It’s UK budget day and once again the chancellor has set out the UK’s plans for spending over the next few years. Of course, being in a devolved Scotland means that some of the measures have little or no impact on us north of the border. However, there is one very important consequence of the announcement by the chancellor of increased spending on infrastructure. Whilst the chancellor does not have the power to determine infrastructure (capital) spending in Scotland, due to the Barnett formula, any spending by the UK government means that Scotland gets a share of that money. This share of the cash is known as the Barnett Consequentials.
It turns out that Scotland will receive a significant sum over the next two years, totalling £176m, with £55m in 2013-14, and £121m in 2014-15.
This is not the first time within the last year that Barnett Consequentials have come the way of Scotland. In fact the last Consequentials resulted in a further £6m being spent on cycling in Scotland. Obviously we welcome any increase in funding for cycling, however, this fell well short of the levels of funding that would enable the government to reach its 2020 TARGET of a 10% modal share of cycling. Significantly more is needed and as SPOKES have demonstrated, is needed now.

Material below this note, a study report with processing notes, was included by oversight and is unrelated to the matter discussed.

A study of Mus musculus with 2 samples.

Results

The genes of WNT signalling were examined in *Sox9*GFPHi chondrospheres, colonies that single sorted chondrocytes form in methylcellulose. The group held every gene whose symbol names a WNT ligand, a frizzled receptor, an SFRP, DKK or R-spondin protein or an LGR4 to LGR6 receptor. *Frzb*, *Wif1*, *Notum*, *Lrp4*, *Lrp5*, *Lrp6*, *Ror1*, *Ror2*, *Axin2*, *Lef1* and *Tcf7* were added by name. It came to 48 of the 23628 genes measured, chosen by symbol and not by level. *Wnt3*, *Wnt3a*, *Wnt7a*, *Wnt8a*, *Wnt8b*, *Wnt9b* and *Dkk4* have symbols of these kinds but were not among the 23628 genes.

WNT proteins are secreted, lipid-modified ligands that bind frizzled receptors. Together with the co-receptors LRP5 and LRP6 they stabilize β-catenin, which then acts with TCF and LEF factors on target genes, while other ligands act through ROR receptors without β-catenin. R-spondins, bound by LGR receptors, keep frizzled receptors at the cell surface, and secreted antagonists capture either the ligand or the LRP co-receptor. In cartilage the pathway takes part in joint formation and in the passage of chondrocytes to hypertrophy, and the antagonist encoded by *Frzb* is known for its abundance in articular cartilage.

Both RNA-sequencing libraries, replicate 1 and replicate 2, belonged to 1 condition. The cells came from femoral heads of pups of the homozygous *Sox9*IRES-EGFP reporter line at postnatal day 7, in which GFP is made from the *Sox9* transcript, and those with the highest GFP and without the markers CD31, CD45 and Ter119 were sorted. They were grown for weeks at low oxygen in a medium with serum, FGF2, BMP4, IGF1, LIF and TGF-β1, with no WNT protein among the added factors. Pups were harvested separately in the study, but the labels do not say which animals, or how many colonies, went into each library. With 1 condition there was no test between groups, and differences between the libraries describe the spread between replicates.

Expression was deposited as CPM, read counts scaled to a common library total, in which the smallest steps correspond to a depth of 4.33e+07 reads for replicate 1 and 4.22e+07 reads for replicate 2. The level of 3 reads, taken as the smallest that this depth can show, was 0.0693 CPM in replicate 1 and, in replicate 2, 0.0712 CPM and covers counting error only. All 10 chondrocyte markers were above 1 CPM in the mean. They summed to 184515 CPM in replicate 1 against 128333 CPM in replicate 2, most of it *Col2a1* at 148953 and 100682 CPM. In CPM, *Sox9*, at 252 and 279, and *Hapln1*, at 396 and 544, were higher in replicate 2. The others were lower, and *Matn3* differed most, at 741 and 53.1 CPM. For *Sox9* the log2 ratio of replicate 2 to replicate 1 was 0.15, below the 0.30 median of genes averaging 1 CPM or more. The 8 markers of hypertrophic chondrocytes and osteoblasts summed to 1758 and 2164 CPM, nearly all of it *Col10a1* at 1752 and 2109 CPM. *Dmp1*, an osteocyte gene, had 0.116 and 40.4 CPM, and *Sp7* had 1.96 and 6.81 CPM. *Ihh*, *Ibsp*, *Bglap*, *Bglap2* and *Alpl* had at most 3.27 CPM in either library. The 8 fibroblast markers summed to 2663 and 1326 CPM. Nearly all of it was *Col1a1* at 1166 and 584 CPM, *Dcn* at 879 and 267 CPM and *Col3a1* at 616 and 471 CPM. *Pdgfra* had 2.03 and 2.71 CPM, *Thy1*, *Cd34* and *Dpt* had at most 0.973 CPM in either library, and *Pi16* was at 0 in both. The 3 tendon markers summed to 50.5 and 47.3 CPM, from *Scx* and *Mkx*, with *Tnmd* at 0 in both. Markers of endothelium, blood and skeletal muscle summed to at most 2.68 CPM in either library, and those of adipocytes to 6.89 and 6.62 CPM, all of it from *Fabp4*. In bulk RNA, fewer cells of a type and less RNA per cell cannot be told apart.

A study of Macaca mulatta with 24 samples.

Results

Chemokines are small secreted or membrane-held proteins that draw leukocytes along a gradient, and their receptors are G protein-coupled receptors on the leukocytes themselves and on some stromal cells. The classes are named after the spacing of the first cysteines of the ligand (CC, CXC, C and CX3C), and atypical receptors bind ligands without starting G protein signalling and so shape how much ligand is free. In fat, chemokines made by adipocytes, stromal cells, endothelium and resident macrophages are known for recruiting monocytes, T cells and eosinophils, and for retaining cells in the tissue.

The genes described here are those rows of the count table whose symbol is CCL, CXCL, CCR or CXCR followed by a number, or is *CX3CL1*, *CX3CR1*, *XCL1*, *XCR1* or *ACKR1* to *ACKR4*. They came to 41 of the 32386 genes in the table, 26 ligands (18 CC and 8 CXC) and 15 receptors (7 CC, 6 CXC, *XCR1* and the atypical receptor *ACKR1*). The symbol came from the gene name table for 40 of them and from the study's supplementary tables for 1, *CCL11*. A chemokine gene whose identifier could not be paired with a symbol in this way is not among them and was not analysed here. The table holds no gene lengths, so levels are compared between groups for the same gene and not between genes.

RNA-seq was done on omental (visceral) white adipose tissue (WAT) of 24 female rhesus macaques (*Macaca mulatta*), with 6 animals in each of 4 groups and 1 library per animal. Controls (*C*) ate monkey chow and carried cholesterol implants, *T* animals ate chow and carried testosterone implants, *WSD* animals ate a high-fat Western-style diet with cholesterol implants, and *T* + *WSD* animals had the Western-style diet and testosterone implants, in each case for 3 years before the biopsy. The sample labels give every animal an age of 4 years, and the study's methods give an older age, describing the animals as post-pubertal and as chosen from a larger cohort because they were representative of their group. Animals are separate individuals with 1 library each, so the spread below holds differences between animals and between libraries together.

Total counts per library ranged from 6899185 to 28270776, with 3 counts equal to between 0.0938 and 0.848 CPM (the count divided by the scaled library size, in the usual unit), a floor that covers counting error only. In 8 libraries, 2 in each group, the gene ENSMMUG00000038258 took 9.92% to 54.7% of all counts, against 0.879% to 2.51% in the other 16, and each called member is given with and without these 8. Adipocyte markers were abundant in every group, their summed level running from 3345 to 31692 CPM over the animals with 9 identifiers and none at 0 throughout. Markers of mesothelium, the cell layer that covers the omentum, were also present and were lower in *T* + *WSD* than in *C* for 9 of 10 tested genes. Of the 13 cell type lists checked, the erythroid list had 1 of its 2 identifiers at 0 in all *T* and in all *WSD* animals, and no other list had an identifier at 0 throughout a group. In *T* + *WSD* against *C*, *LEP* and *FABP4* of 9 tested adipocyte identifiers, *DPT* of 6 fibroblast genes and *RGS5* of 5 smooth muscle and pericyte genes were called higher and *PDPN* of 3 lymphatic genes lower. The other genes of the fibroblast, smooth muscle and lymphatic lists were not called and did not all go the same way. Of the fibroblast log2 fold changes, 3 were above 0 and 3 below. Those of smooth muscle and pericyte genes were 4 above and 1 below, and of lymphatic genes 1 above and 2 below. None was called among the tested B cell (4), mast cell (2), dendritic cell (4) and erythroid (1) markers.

So here is an opportunity for the Scottish government to prove to us that we are indeed ‘pushing against and open door’ as Alex Salmond has suggested. It is time to invest in a mode of transport that not only will help us reach our climate policy targets, but will also significantly improve our nation’s health, will reduce congestion and will help drive forward the Scottish economy.
We could throw money into building more motorways between our cities, although £176m wouldn’t buy much motorway, or we could start transforming Scotland into a healthier, cleaner, more modern economy by INVESTING in active travel.
But how do we convince the politicians? We need you to write to John Swinney and we need you to do it now. Time is very short. Tell him that the time to invest in active travel is now. Tell him why, and tell him what you think the benefits for Scotland will be.
Today could be the day when we start building a cycle friendly nation.
Update: it turns out that the total could be more – £279 million – thanks to Spokes for the info.